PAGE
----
French Girl 2024 movie review

Where many contemporary romantic comedies stumble is in their laser-focus on romance at the expense of solid comedy. However, French Girl, an indie film from Canada hitting theaters this weekend, bucks that trend.

Featuring Zach Braff, Vanessa Hudgens, and Québécois actress Évelyne Brochu, this rom-com delivers laughs aplenty without skimping on charm.

Set against the picturesque backdrop of Quebec City, the story follows Gordon Kinski (played by the disarmingly charming Braff) and Sophie Tremblay (portrayed by the effortlessly chic Brochu) on a journey from Brooklyn to meet Sophie’s family in Canada.

Think Ben Stiller’s antics in the box-office hit Meet the Parents (2000) meets the charm of Hugh Grant in Notting Hill (1999), as a lovably clumsy guy finds himself out of his element with his stunning love interest.

The premise is straightforward: Gordon plans to propose to Sophie, but she receives a job offer from her ex-girlfriend Ruby (played by the stunning Vanessa Hudgens) in Quebec City before he can pop the question. This sets the stage for a comedic showdown as Gordon attempts to win over Sophie’s Québécois family while Ruby tries to sabotage their relationship.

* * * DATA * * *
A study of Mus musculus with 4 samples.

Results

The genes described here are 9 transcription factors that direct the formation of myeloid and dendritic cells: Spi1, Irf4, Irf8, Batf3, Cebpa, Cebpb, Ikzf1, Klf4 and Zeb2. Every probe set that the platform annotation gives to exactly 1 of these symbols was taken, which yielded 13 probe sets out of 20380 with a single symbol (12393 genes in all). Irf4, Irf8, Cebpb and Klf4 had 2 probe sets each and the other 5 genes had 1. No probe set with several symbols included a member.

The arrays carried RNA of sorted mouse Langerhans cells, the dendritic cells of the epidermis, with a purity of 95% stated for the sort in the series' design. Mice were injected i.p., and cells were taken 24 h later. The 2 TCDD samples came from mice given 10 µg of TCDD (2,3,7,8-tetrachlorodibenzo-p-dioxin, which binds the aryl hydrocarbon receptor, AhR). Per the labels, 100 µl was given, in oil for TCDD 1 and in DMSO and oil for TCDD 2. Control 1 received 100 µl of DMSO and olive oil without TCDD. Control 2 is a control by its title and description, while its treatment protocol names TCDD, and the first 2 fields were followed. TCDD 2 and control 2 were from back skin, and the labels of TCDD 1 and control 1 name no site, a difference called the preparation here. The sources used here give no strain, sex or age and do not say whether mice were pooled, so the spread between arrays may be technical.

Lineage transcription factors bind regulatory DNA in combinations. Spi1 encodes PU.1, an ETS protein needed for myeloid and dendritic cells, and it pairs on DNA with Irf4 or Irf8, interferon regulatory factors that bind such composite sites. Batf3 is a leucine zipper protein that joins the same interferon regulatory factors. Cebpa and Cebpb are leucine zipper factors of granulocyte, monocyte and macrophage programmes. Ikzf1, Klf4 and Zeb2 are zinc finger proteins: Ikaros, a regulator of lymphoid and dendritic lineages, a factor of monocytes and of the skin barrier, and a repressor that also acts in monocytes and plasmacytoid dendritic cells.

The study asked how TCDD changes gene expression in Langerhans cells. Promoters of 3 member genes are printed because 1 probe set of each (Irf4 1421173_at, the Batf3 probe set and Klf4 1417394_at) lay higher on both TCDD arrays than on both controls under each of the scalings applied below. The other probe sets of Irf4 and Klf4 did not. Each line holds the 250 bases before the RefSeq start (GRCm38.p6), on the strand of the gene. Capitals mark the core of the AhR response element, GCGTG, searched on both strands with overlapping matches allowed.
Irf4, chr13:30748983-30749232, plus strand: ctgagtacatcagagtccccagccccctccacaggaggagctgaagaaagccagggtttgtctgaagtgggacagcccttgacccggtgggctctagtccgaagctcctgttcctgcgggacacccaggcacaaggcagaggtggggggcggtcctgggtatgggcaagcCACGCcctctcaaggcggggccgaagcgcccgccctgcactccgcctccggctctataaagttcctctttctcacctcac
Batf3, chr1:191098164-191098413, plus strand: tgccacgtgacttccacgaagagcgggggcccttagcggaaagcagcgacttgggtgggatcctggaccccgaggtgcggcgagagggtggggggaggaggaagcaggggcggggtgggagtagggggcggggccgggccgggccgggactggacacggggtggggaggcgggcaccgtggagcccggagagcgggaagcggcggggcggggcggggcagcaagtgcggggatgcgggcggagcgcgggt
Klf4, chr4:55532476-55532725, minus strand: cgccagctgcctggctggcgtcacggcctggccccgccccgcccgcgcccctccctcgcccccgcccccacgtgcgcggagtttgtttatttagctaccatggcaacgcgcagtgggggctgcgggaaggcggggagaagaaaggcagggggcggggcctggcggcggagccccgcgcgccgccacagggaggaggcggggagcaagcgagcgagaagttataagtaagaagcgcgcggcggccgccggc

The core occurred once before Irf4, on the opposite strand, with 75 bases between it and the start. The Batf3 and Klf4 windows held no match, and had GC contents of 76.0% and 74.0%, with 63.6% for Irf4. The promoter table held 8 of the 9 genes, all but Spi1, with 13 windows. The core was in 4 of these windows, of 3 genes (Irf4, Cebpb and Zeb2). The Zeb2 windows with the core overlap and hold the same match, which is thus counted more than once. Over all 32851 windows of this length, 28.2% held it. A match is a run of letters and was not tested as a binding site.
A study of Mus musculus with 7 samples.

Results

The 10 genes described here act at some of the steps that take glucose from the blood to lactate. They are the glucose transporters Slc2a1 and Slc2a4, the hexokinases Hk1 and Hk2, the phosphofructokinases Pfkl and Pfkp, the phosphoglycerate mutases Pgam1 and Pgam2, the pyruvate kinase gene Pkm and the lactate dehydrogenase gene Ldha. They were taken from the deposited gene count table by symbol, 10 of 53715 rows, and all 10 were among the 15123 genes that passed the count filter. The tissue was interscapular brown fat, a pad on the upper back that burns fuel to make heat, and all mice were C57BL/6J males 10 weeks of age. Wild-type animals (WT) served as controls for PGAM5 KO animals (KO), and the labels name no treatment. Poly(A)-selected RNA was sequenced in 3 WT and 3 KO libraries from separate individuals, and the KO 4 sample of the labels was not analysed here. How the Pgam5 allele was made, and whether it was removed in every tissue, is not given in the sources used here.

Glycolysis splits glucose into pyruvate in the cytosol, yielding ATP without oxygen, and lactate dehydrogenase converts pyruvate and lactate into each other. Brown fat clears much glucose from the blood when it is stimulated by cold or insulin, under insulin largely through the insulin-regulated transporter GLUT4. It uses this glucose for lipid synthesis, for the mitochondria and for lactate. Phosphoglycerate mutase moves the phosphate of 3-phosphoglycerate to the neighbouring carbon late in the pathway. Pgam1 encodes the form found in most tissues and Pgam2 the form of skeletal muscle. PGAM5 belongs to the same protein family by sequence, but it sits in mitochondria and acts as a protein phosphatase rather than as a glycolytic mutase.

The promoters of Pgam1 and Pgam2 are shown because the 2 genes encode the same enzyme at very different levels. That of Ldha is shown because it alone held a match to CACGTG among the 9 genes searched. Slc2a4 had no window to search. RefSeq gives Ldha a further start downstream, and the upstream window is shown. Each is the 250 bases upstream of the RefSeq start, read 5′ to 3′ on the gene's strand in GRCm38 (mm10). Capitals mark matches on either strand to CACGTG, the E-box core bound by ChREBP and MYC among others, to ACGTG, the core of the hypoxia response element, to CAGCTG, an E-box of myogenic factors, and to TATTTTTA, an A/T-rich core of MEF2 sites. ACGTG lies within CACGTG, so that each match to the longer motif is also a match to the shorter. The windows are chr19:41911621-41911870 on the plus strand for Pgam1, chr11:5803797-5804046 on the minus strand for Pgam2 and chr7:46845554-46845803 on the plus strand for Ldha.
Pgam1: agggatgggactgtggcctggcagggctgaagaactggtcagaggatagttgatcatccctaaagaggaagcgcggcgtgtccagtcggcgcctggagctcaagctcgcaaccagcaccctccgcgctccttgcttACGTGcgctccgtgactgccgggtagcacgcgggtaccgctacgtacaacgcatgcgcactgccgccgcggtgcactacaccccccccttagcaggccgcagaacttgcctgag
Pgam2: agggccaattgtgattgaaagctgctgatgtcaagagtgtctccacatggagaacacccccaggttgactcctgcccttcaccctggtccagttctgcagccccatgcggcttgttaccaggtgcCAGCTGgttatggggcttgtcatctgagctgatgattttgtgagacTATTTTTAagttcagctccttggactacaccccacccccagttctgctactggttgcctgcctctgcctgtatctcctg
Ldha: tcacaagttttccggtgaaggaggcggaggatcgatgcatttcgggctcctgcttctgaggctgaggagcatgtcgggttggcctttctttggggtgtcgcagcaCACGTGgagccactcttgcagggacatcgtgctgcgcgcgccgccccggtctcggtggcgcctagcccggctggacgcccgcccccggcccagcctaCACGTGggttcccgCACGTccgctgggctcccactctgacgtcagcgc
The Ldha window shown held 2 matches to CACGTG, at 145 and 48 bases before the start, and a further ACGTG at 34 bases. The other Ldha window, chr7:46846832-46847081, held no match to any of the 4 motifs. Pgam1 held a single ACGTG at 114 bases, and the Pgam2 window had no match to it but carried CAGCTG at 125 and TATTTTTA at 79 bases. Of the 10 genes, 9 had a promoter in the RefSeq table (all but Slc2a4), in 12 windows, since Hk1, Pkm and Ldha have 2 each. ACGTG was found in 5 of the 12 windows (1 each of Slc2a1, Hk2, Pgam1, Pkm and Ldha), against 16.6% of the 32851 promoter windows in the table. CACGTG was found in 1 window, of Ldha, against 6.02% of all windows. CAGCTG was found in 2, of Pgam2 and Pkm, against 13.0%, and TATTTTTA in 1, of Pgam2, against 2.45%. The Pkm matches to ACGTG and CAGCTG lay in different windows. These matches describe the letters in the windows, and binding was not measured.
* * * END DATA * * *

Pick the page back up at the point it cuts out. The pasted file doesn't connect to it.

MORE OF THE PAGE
Directed and written by the debut duo James A. Woods and Nicolas Wright, the film is a passion project rooted in their personal experiences, adding depth to its sharp comedy and editing.

The chemistry between Braff and Brochu is palpable, anchoring the film’s blend of culture clash and ensemble comedy. Unlike some rom-com tropes, Sophie is portrayed as a talented chef with ambitions and a healthy relationship dynamic with Gordon.

The supporting cast shines, capturing the chaotic charm of French Canadian family dynamics. The seamless blend of English and French adds authenticity to the story, a refreshing departure from typical fish-out-of-water tales.

Quebec City emerges as a character in its own right, its historic streets and scenic locales adding to the film’s romantic allure. Braff and Brochu’s on-screen strolls through the city evoke a sense of nostalgia reminiscent of classic romantic comedies like the Before Sunset trilogy.

While the film excels in its humor and character development, it falters in its portrayal of the antagonist, Ruby. Despite Hudgens’s performance, Ruby lacks depth, leaving audiences questioning her appeal to Sophie.

Nevertheless, French Girl’s strengths outweigh its weaknesses, leaving viewers eager for a potential sequel. Much like beloved rom-coms before it, the film invites audiences to immerse themselves in the warmth and charm of Quebec City alongside its endearing characters.